Atradius: World Economy 'Slower for Longer', Warns for Insolvencies in Eurozone Periphery
The Atradius outlook for global economic growth is 'slower for longer', with five primary downside risks that could drag down the economic and insolvency outlooks.
While the turbulence experienced in the first months of 2016 has subsided the underlying issues persist. Low commodity prices, tepid international trade growth, debt overhang, and ineffective monetary and fiscal policies are key contributors to the current global slowdown. The baseline growth forecast for 2016 is only 2.4%, 1.6% in the Eurozone, and this may deteriorate further through the year. After an overall picture of improving insolvency ratios in 2015, the insolvency forecasts for 2016 are less optimistic. In most countries the current default level will stabilise but at generally high levels.
In its biannual Economic Outlook Atradius identifies the five top global risks that would drive this:
- A hard landing in China, defined by GDP growth below 5% this year, would have a strong impact worldwide, reinforcing the negative effects already seen on global trade, commodity prices and financial turbulence.
- US monetary policy has a similar global impact. A steady, well-communicated tightening schedule is expected. Still, a poorly communicated, or even a well communicated but badly received course of action, is a clear threat. The accompanying financial turbulence would pose a large drag on global growth, particularly in emerging markets.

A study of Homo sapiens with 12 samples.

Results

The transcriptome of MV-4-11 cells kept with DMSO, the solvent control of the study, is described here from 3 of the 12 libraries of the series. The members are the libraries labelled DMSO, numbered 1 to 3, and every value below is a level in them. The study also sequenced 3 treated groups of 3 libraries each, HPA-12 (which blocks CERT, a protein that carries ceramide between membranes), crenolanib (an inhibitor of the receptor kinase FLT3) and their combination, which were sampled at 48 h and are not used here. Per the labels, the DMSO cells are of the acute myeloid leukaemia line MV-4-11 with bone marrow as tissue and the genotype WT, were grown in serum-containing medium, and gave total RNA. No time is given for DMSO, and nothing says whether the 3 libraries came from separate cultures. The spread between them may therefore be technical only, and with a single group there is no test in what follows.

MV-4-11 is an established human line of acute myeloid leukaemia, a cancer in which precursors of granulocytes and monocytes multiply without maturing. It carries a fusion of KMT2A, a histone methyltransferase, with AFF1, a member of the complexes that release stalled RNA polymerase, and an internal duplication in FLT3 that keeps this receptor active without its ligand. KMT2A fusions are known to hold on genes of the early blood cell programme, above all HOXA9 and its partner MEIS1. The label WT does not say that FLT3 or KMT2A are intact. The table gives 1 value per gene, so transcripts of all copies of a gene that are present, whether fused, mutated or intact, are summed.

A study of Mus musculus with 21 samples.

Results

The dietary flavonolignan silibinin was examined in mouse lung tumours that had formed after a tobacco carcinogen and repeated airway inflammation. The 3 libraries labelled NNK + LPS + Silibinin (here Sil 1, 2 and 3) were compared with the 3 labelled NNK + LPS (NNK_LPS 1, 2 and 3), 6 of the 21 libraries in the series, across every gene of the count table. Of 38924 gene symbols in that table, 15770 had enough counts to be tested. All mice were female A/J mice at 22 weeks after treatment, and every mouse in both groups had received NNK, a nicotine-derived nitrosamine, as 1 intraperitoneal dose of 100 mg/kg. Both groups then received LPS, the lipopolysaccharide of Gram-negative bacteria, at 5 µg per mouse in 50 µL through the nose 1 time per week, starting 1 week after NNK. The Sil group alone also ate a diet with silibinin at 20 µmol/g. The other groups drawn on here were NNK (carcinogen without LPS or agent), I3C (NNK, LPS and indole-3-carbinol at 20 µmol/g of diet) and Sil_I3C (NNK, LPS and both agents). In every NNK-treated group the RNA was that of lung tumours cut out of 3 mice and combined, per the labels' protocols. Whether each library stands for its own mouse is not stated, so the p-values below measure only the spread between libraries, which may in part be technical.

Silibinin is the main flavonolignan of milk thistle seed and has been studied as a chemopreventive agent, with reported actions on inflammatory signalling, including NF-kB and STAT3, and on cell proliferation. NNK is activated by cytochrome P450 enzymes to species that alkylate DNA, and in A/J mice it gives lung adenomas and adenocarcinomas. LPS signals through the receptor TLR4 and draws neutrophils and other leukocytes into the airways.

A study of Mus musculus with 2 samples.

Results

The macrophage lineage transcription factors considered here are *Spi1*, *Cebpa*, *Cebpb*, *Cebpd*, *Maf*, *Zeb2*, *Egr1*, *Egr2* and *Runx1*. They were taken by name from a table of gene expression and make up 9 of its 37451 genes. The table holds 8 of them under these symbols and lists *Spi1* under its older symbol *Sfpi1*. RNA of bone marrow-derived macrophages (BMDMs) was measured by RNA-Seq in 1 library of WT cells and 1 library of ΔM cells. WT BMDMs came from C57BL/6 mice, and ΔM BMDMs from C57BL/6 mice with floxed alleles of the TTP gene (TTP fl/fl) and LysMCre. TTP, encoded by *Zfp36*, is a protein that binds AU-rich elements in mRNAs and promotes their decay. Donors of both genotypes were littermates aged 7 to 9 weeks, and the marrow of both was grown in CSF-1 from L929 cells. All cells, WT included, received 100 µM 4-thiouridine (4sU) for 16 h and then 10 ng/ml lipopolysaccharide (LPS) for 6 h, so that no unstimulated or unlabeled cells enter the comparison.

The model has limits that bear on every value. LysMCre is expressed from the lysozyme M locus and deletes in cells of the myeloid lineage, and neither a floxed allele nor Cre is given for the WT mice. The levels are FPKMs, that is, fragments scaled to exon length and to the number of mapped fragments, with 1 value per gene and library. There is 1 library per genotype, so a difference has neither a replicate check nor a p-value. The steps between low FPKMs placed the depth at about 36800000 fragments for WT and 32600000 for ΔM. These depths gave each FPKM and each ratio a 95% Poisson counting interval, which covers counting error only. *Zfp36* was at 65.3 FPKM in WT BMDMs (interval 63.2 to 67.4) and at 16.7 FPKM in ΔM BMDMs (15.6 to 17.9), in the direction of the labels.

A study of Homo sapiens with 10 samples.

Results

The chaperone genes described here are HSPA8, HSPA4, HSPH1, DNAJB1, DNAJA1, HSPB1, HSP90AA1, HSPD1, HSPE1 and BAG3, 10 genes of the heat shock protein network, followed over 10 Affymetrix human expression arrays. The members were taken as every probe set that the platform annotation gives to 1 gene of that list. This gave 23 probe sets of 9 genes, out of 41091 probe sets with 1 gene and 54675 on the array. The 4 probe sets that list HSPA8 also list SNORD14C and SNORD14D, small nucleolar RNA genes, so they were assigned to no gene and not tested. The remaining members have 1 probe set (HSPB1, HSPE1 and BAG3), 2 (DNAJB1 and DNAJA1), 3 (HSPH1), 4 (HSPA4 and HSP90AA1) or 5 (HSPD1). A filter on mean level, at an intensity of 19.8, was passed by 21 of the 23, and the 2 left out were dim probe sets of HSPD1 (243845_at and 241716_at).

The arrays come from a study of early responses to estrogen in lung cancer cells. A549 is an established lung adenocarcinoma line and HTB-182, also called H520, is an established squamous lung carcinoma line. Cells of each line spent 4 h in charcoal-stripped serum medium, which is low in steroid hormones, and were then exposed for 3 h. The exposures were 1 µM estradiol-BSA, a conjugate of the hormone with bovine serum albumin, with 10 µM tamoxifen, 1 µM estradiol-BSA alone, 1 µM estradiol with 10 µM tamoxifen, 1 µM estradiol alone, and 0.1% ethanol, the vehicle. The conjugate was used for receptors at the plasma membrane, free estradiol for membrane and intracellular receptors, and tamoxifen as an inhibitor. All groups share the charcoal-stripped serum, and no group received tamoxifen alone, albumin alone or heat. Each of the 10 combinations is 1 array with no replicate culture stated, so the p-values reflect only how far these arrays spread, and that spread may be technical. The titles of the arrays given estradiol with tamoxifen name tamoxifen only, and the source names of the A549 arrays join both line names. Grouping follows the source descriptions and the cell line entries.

- Persistently slower growth in the eurozone, despite aggressive ECB monetary stimulus, could lead to longer term stagnation and elevate political uncertainty, already heightened due to the Brexit referendum.
- A rapid rise in the oil price would increase costs for oil importers, removing a key benefit for growth in many advanced markets such as the eurozone.
- Deleveraging taking off would also hold back growth in advanced markets, suppressing demand.
These last three risks would have a moderately negative impact on EU countries, with most becoming more acute in the periphery countries.
Global financial market volatility would especially hurt emerging market economies whose economic outlook is already under pressure. More restrictive access to finance at a higher cost would further drive up the already high insolvencies that we now predict in key markets like China and Brazil.